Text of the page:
Google's inability to succeed in China instead resides in it not being a Chinese company.
Even with the hype surrounding Google's hire of the former Microsoft (MSFT) executive, Dr. Kai-Fu Lee, and other top grabs from Chinese companies like 1pai, Google's fundamental stumbling block in China comes from its failure to adapt to being a true Chinese Internet company.
Yahoo (YHOO) tried many times to adapt. As far back as 1998 (or Web 0.98 Beta) when its then-VP, Heather Killen, made high-profile visits to China, the Western Internet company tried to sit at the Chinese banquet table. But Yahoo finally gave up last year when it bought a billion dollar stake in China's Alibaba.com and then gave Alibaba the rights to run Yahoo! China. There was not even a whimper from the company as its Chinese portal was torn down and replaced with a simple search engine. Sohu (SOHU), Sina (SINA), and Netease (NTES) had finally beaten the foreign interloper.
Lycos tried too. It bought firms like Myrice.com. Netscape tried, via AOL. MSN has also been bobbling along with a few victories here and a few setbacks there--nothing much to be proud of.
All of these companies have one thing in common: they entered China to win, but left only remnants of their power after a few years' struggle. Chinese history is filled with tales of foreigners coming to the Middle Kingdom with money, but leaving the country poor, confused and embarrassed. Ask Chris Patten.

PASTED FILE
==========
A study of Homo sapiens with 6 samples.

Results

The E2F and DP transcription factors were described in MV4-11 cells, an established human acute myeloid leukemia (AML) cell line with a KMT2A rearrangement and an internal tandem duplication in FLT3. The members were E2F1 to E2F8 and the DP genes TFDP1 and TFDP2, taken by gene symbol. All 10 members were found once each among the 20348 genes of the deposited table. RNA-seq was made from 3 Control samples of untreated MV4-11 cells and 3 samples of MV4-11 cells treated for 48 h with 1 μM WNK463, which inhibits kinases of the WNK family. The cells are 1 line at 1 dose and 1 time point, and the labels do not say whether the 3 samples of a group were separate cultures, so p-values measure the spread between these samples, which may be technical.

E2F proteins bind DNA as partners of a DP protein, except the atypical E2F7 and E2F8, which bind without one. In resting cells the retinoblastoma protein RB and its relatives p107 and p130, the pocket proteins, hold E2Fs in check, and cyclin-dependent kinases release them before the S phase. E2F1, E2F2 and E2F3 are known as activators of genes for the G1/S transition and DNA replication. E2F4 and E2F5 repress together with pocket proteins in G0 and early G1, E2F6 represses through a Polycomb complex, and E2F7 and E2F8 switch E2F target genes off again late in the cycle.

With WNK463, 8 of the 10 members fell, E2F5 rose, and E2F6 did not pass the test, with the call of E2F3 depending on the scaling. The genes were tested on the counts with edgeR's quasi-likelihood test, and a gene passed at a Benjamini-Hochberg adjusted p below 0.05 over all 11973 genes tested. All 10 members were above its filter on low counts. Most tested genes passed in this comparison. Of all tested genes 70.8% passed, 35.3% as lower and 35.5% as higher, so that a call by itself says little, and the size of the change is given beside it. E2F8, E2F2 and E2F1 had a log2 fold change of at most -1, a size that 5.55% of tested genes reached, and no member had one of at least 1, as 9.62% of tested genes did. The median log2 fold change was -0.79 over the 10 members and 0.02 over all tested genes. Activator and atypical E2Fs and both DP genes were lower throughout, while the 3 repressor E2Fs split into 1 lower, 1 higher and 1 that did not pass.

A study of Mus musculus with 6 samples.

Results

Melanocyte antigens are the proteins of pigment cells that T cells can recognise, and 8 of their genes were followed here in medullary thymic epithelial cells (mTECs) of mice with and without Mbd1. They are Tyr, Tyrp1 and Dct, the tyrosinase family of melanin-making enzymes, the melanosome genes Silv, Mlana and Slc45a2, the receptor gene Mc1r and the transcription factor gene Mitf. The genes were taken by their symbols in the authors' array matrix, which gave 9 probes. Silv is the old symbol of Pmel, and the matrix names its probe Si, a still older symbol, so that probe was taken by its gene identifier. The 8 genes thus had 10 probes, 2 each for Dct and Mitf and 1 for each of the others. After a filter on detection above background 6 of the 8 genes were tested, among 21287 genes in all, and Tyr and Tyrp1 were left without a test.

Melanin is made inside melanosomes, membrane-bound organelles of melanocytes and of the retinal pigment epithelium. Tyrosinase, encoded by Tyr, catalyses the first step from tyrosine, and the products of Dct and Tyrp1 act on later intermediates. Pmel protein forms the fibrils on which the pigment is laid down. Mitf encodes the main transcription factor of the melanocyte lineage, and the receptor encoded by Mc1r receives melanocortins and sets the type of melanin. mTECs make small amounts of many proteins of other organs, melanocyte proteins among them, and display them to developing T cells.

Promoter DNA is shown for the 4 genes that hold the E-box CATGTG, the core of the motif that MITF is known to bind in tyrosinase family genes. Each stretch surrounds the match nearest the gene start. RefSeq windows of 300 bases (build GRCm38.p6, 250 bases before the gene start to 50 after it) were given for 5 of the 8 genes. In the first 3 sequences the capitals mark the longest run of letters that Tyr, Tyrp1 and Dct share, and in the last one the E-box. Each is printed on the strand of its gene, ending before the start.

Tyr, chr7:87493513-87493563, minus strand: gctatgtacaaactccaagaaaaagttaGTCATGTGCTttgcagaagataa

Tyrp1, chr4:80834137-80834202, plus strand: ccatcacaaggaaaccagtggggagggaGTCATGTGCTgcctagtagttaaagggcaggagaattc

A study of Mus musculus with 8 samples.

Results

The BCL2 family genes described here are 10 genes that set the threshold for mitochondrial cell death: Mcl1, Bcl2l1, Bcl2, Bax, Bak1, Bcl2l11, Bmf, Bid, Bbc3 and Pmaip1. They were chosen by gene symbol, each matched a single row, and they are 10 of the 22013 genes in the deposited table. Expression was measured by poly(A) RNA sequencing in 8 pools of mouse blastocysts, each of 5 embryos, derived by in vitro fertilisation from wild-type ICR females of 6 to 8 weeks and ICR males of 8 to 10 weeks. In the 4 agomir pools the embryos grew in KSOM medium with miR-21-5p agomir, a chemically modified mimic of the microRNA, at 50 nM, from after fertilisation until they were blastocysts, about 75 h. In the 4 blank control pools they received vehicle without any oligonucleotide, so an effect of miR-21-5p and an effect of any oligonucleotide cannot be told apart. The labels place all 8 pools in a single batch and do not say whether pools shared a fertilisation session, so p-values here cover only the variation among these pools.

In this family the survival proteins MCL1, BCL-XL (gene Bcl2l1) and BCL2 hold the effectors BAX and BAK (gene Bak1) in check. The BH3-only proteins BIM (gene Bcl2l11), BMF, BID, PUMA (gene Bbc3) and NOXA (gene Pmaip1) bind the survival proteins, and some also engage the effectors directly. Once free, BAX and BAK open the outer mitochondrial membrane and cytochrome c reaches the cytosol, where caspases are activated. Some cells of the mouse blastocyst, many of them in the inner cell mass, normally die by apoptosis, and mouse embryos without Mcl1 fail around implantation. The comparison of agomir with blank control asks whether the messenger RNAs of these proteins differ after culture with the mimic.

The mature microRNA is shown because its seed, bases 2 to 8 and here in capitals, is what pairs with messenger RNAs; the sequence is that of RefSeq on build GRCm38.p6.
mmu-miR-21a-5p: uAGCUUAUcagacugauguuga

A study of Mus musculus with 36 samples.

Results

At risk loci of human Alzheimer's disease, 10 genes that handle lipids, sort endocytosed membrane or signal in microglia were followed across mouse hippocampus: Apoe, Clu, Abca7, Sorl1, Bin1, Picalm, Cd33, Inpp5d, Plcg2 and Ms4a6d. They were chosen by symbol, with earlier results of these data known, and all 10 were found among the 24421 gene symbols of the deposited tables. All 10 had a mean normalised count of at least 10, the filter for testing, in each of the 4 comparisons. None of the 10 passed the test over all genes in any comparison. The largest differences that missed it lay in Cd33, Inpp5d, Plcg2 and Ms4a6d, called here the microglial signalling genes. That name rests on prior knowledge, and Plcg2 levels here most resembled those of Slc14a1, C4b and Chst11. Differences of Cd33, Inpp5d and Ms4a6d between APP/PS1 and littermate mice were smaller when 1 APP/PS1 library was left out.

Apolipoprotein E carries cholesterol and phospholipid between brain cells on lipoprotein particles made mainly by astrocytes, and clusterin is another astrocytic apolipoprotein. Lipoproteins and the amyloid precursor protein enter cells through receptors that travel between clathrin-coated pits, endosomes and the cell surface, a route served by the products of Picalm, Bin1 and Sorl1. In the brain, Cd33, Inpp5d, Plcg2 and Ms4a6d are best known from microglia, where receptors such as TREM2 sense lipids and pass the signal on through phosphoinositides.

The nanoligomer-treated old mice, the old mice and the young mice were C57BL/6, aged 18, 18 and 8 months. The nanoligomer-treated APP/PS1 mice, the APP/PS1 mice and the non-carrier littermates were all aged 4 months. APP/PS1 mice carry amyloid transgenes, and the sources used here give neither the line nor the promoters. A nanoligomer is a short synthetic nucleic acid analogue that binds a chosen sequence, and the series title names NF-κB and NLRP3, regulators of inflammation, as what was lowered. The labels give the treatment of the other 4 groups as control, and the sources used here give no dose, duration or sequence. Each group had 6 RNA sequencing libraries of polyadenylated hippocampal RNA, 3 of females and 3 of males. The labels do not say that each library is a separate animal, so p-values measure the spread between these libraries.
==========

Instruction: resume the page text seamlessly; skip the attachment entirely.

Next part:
A lot of folks on the net have made a a big deal about Lycos/Microsoft/Et. al selling out to the big red dragon for a Profit margin. But now we see they didn't sell out but rather they sold the right to use their name to the folks in China running the internet. For Google to beat the odds they have to Out-Chinese legitimate Chinese companies.
But here comes the horns of the dilema for google. Their are instances of Big Red Yuan's corperations using intellectual property illicitly. So can google sell the right to their shingle the way these other corperations have? I don't see how Google can do that without creating their own nemisis down the road.
But in China, rival Internet companies have developed a symbiotic relationship. Sohu, Sina, and Netease all provide pretty much the same services and they all developed along the same faddish tracks: first, a portal with free email; second, news and community; third, wireless/SMS/MMS content; and now, online gaming. There is always talk of one of these three buying the other, but not much happens. Late arrivals like the carpetbagging Tom.com can even get a slice of the Internet pie.
In short Google is going to try to bring their old wheel into a market where people more or less implimented their own wheel along the same model.
And everyone else that has tried to bust in has gotten shut down. So just how much is Google willing to risk for very little gain?